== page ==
It takes a strong and understanding parent to help ADHD children learn the skills to make better choices

Children with ADHD can have significant challenges managing their behaviour…

When it comes to medication

First, recognise that some medications work better than others, and sometimes one works for a while and then stops being helpful. I would consult with the doctor who is overseeing your child’s meds to ensure that he or she is being evaluated and monitored appropriately, and not just given a one-size-fits-all medication for ADHD.

All children tend to have a hard time behaving properly when they’re hungry, tired, or buzzed out on sugar and junk food

It is important to make sure your child is well-nourished and rested. Make sure your child is getting plenty of sleep and a good breakfast, along with a mid-morning snack and a lunch that is low on sugar and high on complex carbohydrates and protein.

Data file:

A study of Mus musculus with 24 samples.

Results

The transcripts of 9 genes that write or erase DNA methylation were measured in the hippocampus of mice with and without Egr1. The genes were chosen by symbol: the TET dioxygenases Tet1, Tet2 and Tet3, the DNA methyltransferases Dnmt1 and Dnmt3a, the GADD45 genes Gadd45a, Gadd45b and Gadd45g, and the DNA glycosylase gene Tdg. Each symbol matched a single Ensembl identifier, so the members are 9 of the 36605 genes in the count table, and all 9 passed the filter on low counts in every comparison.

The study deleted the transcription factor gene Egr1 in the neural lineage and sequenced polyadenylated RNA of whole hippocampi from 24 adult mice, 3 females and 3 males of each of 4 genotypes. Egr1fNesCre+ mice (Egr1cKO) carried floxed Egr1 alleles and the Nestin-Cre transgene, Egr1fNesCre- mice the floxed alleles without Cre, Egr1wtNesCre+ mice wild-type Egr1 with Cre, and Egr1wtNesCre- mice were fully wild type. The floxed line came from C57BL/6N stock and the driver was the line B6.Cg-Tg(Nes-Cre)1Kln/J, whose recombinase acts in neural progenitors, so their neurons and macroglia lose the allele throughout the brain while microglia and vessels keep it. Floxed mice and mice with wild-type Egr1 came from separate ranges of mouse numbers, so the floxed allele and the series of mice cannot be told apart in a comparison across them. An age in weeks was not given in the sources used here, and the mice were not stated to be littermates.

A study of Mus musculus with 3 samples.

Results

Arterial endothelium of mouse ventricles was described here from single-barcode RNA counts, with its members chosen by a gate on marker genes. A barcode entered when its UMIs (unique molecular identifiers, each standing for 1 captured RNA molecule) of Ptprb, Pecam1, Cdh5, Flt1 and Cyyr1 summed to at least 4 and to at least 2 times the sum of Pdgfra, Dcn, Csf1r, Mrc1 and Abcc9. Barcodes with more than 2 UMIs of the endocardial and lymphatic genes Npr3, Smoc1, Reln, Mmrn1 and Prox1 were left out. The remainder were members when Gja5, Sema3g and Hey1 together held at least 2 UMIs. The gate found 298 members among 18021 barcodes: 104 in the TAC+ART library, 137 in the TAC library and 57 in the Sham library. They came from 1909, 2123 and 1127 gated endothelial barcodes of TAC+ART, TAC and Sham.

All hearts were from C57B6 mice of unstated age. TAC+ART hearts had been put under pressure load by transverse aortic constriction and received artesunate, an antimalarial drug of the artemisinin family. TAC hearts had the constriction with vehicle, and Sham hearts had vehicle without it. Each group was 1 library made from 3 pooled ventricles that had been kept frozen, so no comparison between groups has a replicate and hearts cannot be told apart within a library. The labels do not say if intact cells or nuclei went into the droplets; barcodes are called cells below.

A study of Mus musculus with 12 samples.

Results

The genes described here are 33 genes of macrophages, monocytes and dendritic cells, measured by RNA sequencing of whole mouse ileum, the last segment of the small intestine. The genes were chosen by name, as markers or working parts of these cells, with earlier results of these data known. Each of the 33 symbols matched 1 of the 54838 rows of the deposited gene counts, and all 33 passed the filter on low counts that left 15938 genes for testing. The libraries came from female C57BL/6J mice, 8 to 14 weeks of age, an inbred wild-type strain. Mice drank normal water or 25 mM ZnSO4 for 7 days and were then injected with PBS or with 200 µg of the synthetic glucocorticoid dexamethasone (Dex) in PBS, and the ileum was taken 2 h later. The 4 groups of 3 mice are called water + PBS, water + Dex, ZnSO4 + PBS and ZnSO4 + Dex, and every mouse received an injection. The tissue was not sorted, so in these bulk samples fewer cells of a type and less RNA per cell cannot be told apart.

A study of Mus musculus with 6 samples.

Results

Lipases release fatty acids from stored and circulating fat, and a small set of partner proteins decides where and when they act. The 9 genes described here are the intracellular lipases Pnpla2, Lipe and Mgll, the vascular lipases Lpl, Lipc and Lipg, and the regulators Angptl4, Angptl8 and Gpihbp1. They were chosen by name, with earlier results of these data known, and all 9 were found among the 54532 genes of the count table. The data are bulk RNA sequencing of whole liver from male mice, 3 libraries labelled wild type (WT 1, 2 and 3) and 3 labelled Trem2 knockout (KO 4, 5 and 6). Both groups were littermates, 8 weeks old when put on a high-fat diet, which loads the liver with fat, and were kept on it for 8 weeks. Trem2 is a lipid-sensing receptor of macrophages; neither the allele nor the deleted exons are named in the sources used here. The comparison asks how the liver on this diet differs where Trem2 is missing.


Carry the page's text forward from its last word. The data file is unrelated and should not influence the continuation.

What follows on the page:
Many ADD children tend to behave in ways more similar to a child about 30% younger than their chronological age, so when you’re setting expectations for your child, it may be helpful to consider your child to be younger than he or she actually is! If you are struggling with misbehaviour, it’s likely that this immaturity is impacting your child’s ability – or inability – to stay out of conflict with classmates, especially if he or she is being deprived of the chance to run around and burn off excess energy by being kept in the school office at break time.


  • Role play how she should handle herself when someone takes the crayon she was about to use or grabs the ball she wanted to play with, showing her how to ask to use it next, while acknowledging the frustration of not getting it right now.
  • Help him develop a vocabulary with which he can express himself when he feels the ‘volcano’ in his belly (frustration, anger) is about to ‘blow’. Encourage him to identify the feelings in his body – sweaty palms, gurgly stomach – that signal he’s about to do something that may get him into trouble.
  • Give her the chance to do the things she enjoys and is good at. Often, an ADHD child is very creative and/or physical, and the build-up of doing desk work can make it extremely difficult to manage their behaviour for hours on end. Whether it’s after-school art classes or playtime at the park, make sure she gets to do the things she loves!